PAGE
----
Inexpensive clock radios do not have separate slumber and wake-up volume settings. However, with a small, easily fitted circuit you can go to sleep with quiet music and still be sure of waking up on time. This is achieved without the cumbersome fitting of a second potentiometer. Instead, the circuit boosts the volume level somewhat relative to the set level. For this purpose, the ground lead of the volume pot is
opened and a trimpot is inserted. The setting of this trimpot is a matter of personal taste and also depends on the setting of the ‘real’ volume pot. As a general rule, you should use around one-quarter of the setting of the original pot. A transistor is connected in parallel with P1 in order to short-circuit the trimpot and thus guarantee that The volume can be fully reduced to zero. Both of the additional components should be soldered directly to the original post for better hum suppression.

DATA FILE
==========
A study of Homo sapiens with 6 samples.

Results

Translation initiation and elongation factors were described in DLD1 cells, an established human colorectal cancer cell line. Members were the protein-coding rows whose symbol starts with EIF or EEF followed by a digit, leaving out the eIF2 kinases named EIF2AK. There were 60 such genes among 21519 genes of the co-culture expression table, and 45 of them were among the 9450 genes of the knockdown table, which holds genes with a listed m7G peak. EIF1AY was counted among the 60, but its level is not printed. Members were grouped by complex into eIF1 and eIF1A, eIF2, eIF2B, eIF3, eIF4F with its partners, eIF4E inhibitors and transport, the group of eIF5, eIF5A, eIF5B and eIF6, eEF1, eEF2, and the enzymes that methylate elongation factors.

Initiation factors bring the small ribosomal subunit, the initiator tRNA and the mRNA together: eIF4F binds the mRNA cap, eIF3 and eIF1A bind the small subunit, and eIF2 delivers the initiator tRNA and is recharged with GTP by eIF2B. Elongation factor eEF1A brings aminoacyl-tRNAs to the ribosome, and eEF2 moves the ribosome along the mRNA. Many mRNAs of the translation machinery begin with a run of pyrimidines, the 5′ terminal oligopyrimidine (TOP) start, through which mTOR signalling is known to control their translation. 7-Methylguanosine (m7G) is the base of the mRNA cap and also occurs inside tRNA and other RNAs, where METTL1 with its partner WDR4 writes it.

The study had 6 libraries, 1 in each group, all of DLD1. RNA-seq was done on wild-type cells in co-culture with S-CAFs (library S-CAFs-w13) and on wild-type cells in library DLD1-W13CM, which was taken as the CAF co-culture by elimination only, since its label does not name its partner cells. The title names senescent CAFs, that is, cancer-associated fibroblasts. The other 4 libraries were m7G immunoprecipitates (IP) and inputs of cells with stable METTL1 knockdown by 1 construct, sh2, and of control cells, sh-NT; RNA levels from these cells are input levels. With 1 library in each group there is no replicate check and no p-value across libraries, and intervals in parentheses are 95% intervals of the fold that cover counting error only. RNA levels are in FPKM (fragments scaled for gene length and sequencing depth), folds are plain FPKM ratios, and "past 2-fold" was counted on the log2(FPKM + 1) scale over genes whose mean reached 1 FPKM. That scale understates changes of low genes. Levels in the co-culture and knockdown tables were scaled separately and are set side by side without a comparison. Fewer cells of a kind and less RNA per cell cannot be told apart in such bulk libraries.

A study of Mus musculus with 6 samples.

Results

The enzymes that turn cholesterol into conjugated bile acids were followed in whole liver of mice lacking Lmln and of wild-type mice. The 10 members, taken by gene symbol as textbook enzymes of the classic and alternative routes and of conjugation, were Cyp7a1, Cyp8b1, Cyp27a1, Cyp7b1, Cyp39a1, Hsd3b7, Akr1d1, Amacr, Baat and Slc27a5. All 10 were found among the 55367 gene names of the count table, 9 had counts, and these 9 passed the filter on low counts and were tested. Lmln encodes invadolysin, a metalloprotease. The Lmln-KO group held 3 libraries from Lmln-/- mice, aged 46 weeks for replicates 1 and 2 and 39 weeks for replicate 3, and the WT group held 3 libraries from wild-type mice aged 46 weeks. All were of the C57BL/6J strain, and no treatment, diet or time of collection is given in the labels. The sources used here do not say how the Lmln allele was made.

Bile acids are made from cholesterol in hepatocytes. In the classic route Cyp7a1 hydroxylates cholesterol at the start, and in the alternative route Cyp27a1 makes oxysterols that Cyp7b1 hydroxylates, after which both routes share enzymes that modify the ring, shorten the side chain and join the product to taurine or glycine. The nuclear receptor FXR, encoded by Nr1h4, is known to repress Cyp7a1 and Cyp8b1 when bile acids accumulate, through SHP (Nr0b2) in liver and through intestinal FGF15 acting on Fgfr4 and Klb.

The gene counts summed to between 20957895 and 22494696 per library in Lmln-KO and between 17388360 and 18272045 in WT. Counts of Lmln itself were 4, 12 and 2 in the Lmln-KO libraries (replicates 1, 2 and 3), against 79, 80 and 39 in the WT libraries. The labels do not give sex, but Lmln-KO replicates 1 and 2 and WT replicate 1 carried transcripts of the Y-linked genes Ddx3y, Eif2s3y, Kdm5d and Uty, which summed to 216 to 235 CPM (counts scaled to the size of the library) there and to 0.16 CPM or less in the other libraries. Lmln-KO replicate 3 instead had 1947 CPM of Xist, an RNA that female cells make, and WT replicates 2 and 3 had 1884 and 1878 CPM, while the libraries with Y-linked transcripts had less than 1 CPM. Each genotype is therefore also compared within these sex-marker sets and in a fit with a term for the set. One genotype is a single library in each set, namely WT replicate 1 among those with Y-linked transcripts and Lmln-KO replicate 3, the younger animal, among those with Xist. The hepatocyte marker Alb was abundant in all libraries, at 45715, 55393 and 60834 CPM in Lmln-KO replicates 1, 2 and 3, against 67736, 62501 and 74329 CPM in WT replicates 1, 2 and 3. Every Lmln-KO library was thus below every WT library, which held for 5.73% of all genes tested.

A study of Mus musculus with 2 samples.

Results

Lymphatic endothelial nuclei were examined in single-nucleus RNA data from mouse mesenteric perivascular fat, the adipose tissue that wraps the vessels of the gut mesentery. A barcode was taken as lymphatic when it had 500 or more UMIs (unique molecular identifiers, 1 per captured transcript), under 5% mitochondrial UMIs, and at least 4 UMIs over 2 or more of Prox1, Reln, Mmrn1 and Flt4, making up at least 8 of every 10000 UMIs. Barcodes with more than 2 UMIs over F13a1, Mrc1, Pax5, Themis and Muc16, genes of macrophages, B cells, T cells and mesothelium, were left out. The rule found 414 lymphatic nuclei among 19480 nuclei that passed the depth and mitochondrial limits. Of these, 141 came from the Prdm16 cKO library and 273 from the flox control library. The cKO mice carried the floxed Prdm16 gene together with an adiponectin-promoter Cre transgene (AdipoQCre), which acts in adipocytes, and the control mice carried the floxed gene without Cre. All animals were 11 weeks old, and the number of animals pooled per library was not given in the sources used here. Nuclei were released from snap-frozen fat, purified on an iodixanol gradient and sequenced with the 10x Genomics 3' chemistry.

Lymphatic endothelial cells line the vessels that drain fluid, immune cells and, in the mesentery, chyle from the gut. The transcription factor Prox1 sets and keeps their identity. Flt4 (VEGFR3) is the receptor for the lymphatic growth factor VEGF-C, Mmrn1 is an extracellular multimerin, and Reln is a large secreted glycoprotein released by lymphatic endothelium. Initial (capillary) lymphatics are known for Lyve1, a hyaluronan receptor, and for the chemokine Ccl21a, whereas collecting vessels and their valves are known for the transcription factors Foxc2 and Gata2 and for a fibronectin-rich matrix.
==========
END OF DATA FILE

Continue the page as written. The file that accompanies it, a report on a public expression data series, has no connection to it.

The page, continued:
An R-S flip-flop made from AND gates and delay networks are used to control the transistor. The flip-flop (IC1a and IC1b) is set with a High level at the output of IC1a by a Low pulse from RC network R2/C2. The signal from IC1a reaches the two inputs of IC1c after being delayed by R3 and C3. If both of these inputs are High, IC1c cuts off the transistor. Due to the time delay, the wake-up music begins at the reduced volume level and then changes to the set level when the time delay
expires. The volume level can be reduced manually by pressing reset switch S1, which pulls the input of gate IC1b Low and causes the R-S flip-flop to toggle to the opposite state.
The bistable stage remains in this state until the supply voltage is switched off.